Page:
Robert “Tony” Mata likes a good debate. As a communications studies major in college, he excelled in public speaking on his speech and debate teams at Orange Coast College and California State University, Long Beach. A proven competitor and accomplished public speaker, Tony also knows the value of resolution.
“There are a lot of Roberts in my family. My father, my grandfather, and a couple of my cousins are all Roberts, so I went with a variation of my middle name, which is Anthony.”
Tony grew up in Orange County, California, and enjoyed playing baseball, and participating in school activities such as the marching band (trumpet), and playing video games; but his real passion was participating in debates and public speaking. “Public speaking has always come natural and I’ve also always been interested in how people communicate and interact through various forms of communication.” He actively participated in speech and debate competitions throughout his days at college, which set the course for what was to come. “I actually took a year off after graduating from Long Beach State to reflect on what I wanted to do for a career. As a communications studies major, there were some good options, but I really wanted to find something that would be intellectually challenging, and rewarding as well. My family always encouraged me to go into the law.”
It was good advice. Tony was accepted by law schools in both Los Angeles and Chicago. After a trip to Chicago and working out all the pros and cons, he
decided for the school closer to home. “I really liked the City of Chicago, the sports teams (he’s a Bears fan), the people and the atmosphere, but logistically being closer to my family and living in L.A. just made more sense.” At Loyola Law School, Los Angeles, he continued his interest in communications serving as a member of the International and Comparative Law Review for two years. He ended his tenure at the Law Review as a Production Editor. He also served on Loyola’s Scott Moot Court and represented the school at the regional level in the National Moot Court Tournament.
After finishing law school and joining the California Bar, Tony began his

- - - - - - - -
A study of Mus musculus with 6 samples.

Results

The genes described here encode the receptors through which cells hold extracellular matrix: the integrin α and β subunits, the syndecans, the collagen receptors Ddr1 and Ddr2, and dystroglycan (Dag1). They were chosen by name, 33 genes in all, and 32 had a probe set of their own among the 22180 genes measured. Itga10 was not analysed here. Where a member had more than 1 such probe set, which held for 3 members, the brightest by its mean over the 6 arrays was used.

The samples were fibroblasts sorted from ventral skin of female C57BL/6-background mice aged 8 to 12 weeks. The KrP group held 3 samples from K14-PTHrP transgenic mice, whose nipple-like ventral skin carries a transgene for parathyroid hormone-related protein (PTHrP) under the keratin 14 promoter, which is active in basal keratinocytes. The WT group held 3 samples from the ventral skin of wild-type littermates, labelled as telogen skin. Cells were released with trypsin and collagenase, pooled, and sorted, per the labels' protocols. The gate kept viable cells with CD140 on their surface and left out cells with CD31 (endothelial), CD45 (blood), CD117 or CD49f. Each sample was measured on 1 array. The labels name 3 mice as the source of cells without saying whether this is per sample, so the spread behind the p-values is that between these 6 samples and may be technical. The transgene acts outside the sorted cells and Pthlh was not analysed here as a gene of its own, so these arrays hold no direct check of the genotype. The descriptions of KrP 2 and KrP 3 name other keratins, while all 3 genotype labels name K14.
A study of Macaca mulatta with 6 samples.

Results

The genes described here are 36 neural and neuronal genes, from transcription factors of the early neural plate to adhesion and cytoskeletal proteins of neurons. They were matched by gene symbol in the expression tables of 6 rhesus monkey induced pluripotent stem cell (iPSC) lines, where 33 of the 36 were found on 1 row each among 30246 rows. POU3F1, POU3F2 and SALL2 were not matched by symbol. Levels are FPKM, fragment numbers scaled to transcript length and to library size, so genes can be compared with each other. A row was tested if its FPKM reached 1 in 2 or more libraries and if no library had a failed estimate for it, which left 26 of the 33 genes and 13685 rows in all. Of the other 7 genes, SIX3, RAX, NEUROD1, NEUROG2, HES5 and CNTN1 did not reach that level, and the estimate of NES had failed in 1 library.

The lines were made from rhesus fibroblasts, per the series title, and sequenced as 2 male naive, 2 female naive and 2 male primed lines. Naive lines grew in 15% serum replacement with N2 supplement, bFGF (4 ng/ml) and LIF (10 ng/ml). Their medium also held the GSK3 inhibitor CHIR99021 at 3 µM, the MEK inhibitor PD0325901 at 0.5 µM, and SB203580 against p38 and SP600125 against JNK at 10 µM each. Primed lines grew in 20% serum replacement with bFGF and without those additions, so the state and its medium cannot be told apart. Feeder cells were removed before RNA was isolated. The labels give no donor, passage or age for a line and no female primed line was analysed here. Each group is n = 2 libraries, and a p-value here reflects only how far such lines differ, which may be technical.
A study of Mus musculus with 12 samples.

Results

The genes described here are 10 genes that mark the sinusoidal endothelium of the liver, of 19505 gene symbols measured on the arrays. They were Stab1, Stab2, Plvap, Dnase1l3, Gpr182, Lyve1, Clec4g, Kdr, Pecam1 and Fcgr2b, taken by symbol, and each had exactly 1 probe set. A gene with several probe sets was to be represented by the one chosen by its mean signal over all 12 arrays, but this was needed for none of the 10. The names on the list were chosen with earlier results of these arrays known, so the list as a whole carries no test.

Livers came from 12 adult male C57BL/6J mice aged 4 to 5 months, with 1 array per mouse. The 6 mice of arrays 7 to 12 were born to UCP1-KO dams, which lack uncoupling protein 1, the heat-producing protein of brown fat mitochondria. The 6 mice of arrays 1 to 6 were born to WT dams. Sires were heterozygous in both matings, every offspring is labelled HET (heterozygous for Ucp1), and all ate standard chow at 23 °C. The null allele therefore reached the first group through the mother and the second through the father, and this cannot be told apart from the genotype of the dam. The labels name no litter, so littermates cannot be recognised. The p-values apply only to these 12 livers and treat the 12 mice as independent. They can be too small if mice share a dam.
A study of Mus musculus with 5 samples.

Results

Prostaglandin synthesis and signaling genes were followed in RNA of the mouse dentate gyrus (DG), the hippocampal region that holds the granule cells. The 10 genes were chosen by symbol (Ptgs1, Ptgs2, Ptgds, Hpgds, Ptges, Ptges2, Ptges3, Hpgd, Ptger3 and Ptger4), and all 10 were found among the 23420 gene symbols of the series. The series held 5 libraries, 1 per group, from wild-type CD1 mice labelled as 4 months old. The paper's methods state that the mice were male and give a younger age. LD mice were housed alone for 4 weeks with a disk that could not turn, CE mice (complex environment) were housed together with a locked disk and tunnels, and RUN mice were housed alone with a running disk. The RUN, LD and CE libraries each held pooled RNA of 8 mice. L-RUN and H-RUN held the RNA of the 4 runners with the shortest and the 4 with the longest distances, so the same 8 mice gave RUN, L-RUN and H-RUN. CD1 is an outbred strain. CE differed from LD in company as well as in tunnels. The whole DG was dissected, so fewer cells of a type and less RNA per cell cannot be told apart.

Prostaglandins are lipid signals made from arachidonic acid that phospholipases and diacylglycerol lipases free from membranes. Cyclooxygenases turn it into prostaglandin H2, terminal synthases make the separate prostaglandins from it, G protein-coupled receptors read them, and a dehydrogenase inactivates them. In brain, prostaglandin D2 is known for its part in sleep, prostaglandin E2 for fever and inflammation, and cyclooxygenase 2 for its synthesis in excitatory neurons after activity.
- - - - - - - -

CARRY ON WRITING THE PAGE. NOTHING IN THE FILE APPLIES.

career as a litigator with an employment law firm in Los Angeles. His ability as a speaker and debater served him well. In his first year of practice he participated in three trials, two by jury and one by bench. He sat second chair in his first jury trial and won, then sat first chair in his second jury trial and won. In the third, a bench trial, he also acted as first chair.
“I’m certainly not apprehensive about taking a case to court and trying it before a jury or a judge. In fact, I find it exciting.” When a position arose at BM&M in L.A., Tony saw an opportunity to further define his talent as an attorney.
“I have been interested in workers compensation law because it’s more about the facts of a case and less about gamesmanship. The area of the law is both intellectually challenging and rewarding, and that’s important to me personally. “He is now at home in the L.A. Office of BM&M and enjoying the industrious atmosphere. “It’s an inspirational environment because everyone works extremely hard, yet at the same time, there’s a friendly atmosphere throughout the office. Everyone takes the time to be nice to each other and help out when needed.” An avid reader when away from the office, Tony enjoys reading the classics. “I just started reading Moby Dick, and just finished the complete works of Sherlock Holmes, and Dracula.” He also enjoys listening to jazz, and photography. Just to keep in “speech shape” he gives back to the community by coaching for Loyola’s Moot Court team, and by judging at selected speech and debate competitions throughout Southern California.
“I feel like I’m always going to be learning something, and that’s what it’s all about. It’s the way this business works.”